By Michaella Thornton
Lately, it’s been harder to gather my resolve and joy to bake or write much. I won’t lie; I’ve been struggling through a slow-moving season of pain and endurance, and that’s okay, too.
My focus lately has been on:
- healing from heel surgery in mid-December while feeling and sometimes looking like a feral barn cat;
- learning how to shower on one leg;
- watching the laundry pile up in the corner of my bedroom;
- kneeling on my scooter by the kitchen sink, learning how to bend and dip without falling as I load and unload the dishwasher;
- forcing myself to ask for help, again and again, from friends, neighbors, coworkers, my 67-year-old mother, and sometimes, when I’m especially desperate, my exasperated five-year-old daughter; and
- finally, collapsing into bed at the end of the day, ecstatic for sleep.
Of trying so hard to remember good enough is great, Rome wasn’t built in a day, and to let go. Let go, Kella. Let. Go.
Letting go is a theme I obsess over in my writing and practice in baking. Baking puts distance between worry and time. There’s ritual and space held in the act of gathering ingredients, tools, pans, preheating the oven, letting the butter and eggs come to room temp, mixing everything methodically, intentionally, and then setting a timer and waiting. There is a slowing of pace and pulse because if you rush through a step, mistakes will be made. And, if you’re measured and lucky, when you finish you have bread or quiche or a special treat to show for all of your efforts.
Writing isn’t like baking in this regard, though. Sometimes the words don’t come, or they do, and they’re not yet ready. Sometimes, many times, we write something that only we will read. Sometimes, just sometimes, we are too fucking hard on ourselves. Who cares how much you’re writing?
Let me ask instead: Are you having fun? Are you taking risks? Are you resting when you need to so you can refill your own damn cup and then eventually your notebook or Word doc?
Which reminds me, last week I managed to make Valentine’s Day Cookies for my daughter and her two neighborhood friends to decorate after school. The two kindergarteners and first grader made quick, wild work of my carefully baked cookies. Their devil-may-care artistry of slapping on knifefuls of cream cheese frosting and then dumping on more sprinkles, marshmallows, and milk chocolate chips than I thought possible was a good reminder, yet again, to let go.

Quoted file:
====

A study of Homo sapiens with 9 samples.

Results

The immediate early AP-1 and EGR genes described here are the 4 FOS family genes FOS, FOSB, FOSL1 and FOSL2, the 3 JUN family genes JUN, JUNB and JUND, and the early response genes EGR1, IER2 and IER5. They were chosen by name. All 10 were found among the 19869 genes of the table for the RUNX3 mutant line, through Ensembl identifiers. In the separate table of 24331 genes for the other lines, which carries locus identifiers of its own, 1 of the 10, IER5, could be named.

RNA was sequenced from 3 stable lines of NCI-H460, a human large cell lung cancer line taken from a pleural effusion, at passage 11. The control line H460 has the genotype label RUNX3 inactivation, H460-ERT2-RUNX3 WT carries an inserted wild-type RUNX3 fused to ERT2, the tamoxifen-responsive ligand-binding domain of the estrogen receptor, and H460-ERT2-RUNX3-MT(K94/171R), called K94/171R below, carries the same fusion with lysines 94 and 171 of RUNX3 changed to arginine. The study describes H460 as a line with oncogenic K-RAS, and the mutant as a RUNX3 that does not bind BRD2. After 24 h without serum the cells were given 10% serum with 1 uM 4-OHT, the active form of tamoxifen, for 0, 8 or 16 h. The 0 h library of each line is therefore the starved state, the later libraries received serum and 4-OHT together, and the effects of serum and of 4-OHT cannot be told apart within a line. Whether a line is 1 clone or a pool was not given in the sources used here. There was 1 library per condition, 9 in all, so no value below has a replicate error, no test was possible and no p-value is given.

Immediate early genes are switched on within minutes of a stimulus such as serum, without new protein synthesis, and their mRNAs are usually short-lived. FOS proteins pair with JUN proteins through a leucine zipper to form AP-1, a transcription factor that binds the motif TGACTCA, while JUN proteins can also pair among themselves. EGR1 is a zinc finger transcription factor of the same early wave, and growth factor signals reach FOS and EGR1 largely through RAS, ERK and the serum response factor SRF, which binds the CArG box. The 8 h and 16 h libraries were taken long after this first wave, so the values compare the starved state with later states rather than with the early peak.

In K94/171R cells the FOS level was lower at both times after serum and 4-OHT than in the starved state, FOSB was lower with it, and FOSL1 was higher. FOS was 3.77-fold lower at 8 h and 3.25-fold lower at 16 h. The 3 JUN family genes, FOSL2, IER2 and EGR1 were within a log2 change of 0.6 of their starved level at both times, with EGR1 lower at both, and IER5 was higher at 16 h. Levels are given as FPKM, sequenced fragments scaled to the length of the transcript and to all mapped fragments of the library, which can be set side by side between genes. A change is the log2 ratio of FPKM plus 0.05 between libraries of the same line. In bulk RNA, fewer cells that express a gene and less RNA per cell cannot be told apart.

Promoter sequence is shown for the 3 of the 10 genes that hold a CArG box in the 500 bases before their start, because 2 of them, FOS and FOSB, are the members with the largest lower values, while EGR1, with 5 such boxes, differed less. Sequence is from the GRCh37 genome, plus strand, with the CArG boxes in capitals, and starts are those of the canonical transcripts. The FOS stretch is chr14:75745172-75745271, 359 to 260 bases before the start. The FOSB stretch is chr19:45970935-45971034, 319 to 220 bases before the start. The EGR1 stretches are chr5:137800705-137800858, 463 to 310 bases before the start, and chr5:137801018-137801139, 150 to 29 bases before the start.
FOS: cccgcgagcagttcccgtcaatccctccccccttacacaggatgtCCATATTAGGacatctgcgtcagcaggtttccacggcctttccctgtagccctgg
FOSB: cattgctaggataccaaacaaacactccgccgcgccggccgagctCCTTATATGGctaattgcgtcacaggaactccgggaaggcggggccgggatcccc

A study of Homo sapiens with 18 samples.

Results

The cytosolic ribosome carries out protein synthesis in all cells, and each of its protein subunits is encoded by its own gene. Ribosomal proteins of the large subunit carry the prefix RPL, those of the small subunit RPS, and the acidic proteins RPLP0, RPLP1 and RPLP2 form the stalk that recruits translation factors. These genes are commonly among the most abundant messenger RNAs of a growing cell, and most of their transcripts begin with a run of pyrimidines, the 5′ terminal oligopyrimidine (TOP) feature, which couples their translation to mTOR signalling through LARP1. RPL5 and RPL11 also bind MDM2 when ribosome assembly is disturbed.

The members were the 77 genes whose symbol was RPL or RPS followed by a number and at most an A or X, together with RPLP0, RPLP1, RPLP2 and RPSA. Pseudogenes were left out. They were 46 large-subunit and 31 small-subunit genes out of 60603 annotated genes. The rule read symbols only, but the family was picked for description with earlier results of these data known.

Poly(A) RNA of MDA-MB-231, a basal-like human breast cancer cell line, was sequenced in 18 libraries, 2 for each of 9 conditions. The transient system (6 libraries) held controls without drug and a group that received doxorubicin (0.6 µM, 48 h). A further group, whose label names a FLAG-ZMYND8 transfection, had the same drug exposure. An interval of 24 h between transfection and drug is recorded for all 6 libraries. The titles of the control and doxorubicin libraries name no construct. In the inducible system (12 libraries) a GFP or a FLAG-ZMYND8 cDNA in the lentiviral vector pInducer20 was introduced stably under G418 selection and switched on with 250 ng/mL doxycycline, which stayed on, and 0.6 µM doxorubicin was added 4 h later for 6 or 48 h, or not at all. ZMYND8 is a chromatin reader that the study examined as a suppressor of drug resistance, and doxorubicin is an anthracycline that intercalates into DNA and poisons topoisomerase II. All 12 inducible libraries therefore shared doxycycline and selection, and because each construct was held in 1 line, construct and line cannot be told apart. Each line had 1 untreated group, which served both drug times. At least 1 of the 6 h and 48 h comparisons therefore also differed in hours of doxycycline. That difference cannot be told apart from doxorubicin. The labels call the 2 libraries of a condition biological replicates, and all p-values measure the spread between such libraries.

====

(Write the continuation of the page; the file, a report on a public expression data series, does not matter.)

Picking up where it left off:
Kids at play don’t beat themselves up if they’re hurt or healing or need a minute. They come back to the task at hand when they’re able and ready, and you best believe they’re gonna go hard, full throttle when that time comes. They’re going to use all of the sprinkles, and whatever else they can get their hands on, and dare someone, anyone, to tell them that their creativity, their joy is too much.
Read Kella’s other work here at Reckon:
The Pie Was a Final Draft: On Pumpkin Cinnamon Rolls and the Root of All Suffering
The Pie Was a Final Draft: On Baking a Bad Cake
The Pie Was a Final Draft: Scraps
Beginnings: An Interview with Lyndsey Ellis
Fiction: The Hottest and Longest Lasting Fire
Michaella Thornton learned how to bake at the hips of her mother and her grandmother Anna Lee. A lifetime ago, she baked professionally before realizing baker’s hours require early mornings. Kella’s prose has been featured in Brevity, Essay Daily, Fractured Lit, Hobart After Dark, Reckon Review, New South, Southeast Review, among others, and her writing has been nominated for a James Beard award and Best of the Net. Many moons ago, Kella received her MFA in creative nonfiction from the University of Arizona. She lives in St. Louis, Missouri with her daughter.